CC2 Cefn Onn Quarry (RVR2)
PLEASE DO NOT BURY THIS CACHE WHEN REPLACING IT - IT IS NOT MEANT TO BE IMPOSSIBLE TO FIND!
The Caerphilly Collection is distinguished with a unique CC number and is made up of 50 caches. The caches vary in difficulty and type and usually have other "C" word connections - castle, cheese, coal, canal, etc. There may even be Cryptic Clues for Clever Clogs! The current Caerphilly unitary authority grew out of the former Rhymney Valley and Islwyn Councils and stretches from the outskirts of Cardiff and Newport in the south to the Brecon Beacons, north of Rhymney. Despite a past dominated by coal and heavy industry, it has a diverse history and varied and dramatic scenery. We hope you will enjoy exploring it with us.
Towards the end of the Collection is CC48 The Accumulator, the location of which is given in coded form. The translation details of the code are distributed around the whole Collection, but only about a third of the caches will contain a piece of the code, which is on the back of the Log Book. To do the Accumulator, you will need to keep a note of each piece of code that you find. Unless you are very lucky, you will need to find the majority of the Collection in order to do the Accumulator. The Accumulator cache is hidden in an area of difficult terrain and demanding navigation, with a 5, 4½ rating.
CC2 is also the second of a subset of the main series around the Rhymney Valley Ridgeway (RVR) Footpath. In this case, CC could stand for calcite crystals or calcium carbonate, of which they are a form. This section of the RVR Footpath follows a ridge of carboniferous limestone, the southern outcrop of a strata that is down-folded under the coal measures of the Valleys and re-appears along the southern edge of the Brecon Beacons. As at this quarry, the southern outcrop is often dolomitised (having a significant percentage of magnesium carbonate) and interspersed by mineral veins. At the quarry, you may find good examples of clear or opaque white calcite crystals with their characteristic rhomboidal (square pushed sideways) shape - but not to be confused with similarly coloured quartz crystals, which are harder and more complexly shaped and can also be found here. On a clear day, the ridge in this area offers views north to the main peaks of the Brecon Beacons or, south over Cardiff and across the Bristol Channel.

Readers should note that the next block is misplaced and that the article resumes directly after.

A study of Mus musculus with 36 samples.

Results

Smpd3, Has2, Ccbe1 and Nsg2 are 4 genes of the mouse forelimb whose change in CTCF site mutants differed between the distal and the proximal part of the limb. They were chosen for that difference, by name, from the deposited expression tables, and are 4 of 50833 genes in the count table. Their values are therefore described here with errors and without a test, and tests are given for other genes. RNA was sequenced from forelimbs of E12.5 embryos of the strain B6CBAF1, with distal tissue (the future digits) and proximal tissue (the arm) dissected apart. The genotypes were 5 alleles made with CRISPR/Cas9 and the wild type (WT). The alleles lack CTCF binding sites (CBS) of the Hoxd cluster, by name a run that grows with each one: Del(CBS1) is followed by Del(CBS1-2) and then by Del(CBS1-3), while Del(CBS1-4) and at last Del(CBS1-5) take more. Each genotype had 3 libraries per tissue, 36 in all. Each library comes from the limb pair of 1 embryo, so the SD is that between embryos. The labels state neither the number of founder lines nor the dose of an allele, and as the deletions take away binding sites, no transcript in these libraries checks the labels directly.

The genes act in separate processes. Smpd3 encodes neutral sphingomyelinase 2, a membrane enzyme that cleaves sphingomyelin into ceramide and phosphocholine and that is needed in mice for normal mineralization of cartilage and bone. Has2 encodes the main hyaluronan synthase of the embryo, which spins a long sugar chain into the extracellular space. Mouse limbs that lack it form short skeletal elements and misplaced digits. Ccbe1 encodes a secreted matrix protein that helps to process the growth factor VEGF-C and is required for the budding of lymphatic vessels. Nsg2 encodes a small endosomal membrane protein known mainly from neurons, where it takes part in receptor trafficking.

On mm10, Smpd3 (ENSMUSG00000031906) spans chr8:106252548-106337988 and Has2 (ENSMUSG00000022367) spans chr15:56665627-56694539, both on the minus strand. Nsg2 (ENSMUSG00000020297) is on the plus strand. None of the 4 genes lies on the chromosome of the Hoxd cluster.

This cache may be linked with CC1, which is less than a mile away. The nearest lanes do not lend themselves to convenient parking - this is partly deliberate, as it is our hope that people will take the opportunity to incorporate the RVR Footpath into circular walks in the area. Possible starting points are Caerphilly Mountain, Rudry Common or Cefn Onn Park. If you choose one of these, be prepared for a 3-5 mile walk with a few hundred feet of ascent. However you approach, paths and tracks may be rough, wet or muddy in places, except during the most favourable weather conditions.